Last week Friday I made a nuisance of myself in an effort to get out of work on time to attend Books Kinokuniya’s Cartoonists Assemble, a gathering to celebrate several Australian comic releases and an exhibition of Australian artists’ interpretation of Wally Wood’s 22 Panels that always work.
Gavin Aung Than was there signing copies of his book, which looked all sorts of fabulous, as did Anh Do’s WeirDo (Jules Faber, responsible for the series’ gorgeous art was on hand to sigh copies of WeirDo). Tim McEwan, SupaNova Pop Culture expo art director, was MC and he spoke at length about comics artists in Australia and introduced the exhibition up at Books Kinokuniya: 22 panels that always work.
The panels are the brainchild of comics artist Wally Wood. He was a comics writer, artist and independent publisher, who worked for Marvel and MAD magazine among others, and I think everyone in the comics industry knows his name.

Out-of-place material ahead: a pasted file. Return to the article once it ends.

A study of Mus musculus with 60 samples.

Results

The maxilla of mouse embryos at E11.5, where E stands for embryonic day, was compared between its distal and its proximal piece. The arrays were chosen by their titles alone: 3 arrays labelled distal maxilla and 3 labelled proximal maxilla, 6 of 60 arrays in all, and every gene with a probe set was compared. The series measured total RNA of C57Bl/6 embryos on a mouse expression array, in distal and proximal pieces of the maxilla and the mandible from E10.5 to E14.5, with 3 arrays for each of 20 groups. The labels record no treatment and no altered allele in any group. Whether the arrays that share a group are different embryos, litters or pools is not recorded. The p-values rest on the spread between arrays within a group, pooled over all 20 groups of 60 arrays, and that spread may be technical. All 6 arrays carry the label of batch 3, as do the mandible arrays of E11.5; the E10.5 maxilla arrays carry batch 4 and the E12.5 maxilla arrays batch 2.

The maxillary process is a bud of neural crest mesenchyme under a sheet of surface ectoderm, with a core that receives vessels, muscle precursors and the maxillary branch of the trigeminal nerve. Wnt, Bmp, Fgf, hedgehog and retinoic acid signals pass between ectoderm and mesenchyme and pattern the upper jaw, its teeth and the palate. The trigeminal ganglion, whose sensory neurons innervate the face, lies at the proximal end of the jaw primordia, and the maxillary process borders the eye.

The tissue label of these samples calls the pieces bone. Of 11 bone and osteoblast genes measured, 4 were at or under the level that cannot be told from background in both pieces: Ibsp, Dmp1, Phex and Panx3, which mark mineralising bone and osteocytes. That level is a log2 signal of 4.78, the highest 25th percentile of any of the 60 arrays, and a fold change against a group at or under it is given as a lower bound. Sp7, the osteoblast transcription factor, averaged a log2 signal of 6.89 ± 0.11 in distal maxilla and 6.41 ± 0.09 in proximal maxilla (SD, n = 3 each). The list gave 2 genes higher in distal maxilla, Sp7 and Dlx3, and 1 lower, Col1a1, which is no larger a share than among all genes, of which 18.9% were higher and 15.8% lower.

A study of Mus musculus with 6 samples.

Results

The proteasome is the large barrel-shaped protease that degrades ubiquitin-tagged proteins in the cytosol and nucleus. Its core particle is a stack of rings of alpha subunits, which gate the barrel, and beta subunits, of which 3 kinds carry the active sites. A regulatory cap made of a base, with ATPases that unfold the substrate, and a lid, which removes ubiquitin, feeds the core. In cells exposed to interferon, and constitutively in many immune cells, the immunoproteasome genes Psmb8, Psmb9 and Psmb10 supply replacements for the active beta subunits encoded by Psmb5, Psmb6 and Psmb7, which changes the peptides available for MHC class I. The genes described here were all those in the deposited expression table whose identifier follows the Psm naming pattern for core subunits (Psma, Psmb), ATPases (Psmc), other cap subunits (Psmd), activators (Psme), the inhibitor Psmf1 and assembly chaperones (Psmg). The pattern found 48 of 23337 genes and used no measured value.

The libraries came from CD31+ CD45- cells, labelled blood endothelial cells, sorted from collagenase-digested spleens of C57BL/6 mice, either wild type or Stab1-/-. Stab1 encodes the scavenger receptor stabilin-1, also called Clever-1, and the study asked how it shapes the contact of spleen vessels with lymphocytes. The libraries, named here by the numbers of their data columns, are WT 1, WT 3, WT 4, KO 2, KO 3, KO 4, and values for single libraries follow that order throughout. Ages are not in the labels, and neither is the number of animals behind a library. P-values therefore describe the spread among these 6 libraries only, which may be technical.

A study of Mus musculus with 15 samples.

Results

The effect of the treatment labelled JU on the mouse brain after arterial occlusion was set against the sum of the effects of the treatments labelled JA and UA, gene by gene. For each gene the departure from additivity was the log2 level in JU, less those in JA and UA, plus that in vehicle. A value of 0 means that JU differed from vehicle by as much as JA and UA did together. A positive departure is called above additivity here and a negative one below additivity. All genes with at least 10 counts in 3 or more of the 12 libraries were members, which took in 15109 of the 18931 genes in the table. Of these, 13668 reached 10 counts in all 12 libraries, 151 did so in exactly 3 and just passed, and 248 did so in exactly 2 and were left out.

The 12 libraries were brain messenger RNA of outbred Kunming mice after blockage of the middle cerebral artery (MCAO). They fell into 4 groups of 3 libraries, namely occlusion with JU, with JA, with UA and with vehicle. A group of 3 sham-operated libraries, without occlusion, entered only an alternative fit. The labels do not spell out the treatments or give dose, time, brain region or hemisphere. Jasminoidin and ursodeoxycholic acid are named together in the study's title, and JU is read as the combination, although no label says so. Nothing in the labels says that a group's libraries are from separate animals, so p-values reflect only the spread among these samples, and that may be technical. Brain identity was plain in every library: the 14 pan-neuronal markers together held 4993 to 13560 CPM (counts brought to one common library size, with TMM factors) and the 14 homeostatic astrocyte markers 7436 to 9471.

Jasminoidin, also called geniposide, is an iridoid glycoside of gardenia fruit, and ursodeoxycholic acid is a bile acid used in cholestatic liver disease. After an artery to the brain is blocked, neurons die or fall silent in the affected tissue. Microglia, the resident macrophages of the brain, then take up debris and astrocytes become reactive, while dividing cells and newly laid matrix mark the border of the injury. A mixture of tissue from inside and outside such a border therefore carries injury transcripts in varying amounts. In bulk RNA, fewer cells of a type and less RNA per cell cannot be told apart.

I would also guess they know of his panels. These 22 panels came from Wood’s need to be more efficient an artist. Even now artists like Nicola Scott, for instance, work 7 days a week, and Wood created techniques and perspectives in these panels to remind himself of the best, most efficient ways to keep his work interesting and dynamic.
He then did what anyone would do in a high-pressured job – he stuck it up where he was working to remind himself of the alternatives he had as an artist. Years later, an ex-assistant of his, saved those panels, and another ex-Wood assistant, Larry Hama asked for a copy and made the panels into a teaching guide for the new artists he had under his wing at Marvel. It was the easiest way to teach them and from that the industry learned more about Wood’s genius.
At the event, Tim McEwan explained that several artists from the Australian Cartoonists’ Association had done their own interpretations of those panels. Artwork included everything from Captain America to a Tony Abbot/Julie Bishop political cartoon, and I loved it. Art and comics is this crazy thing I’ll never be able to understand, but I desperately want to. Well, I’m a work in progress, I guess.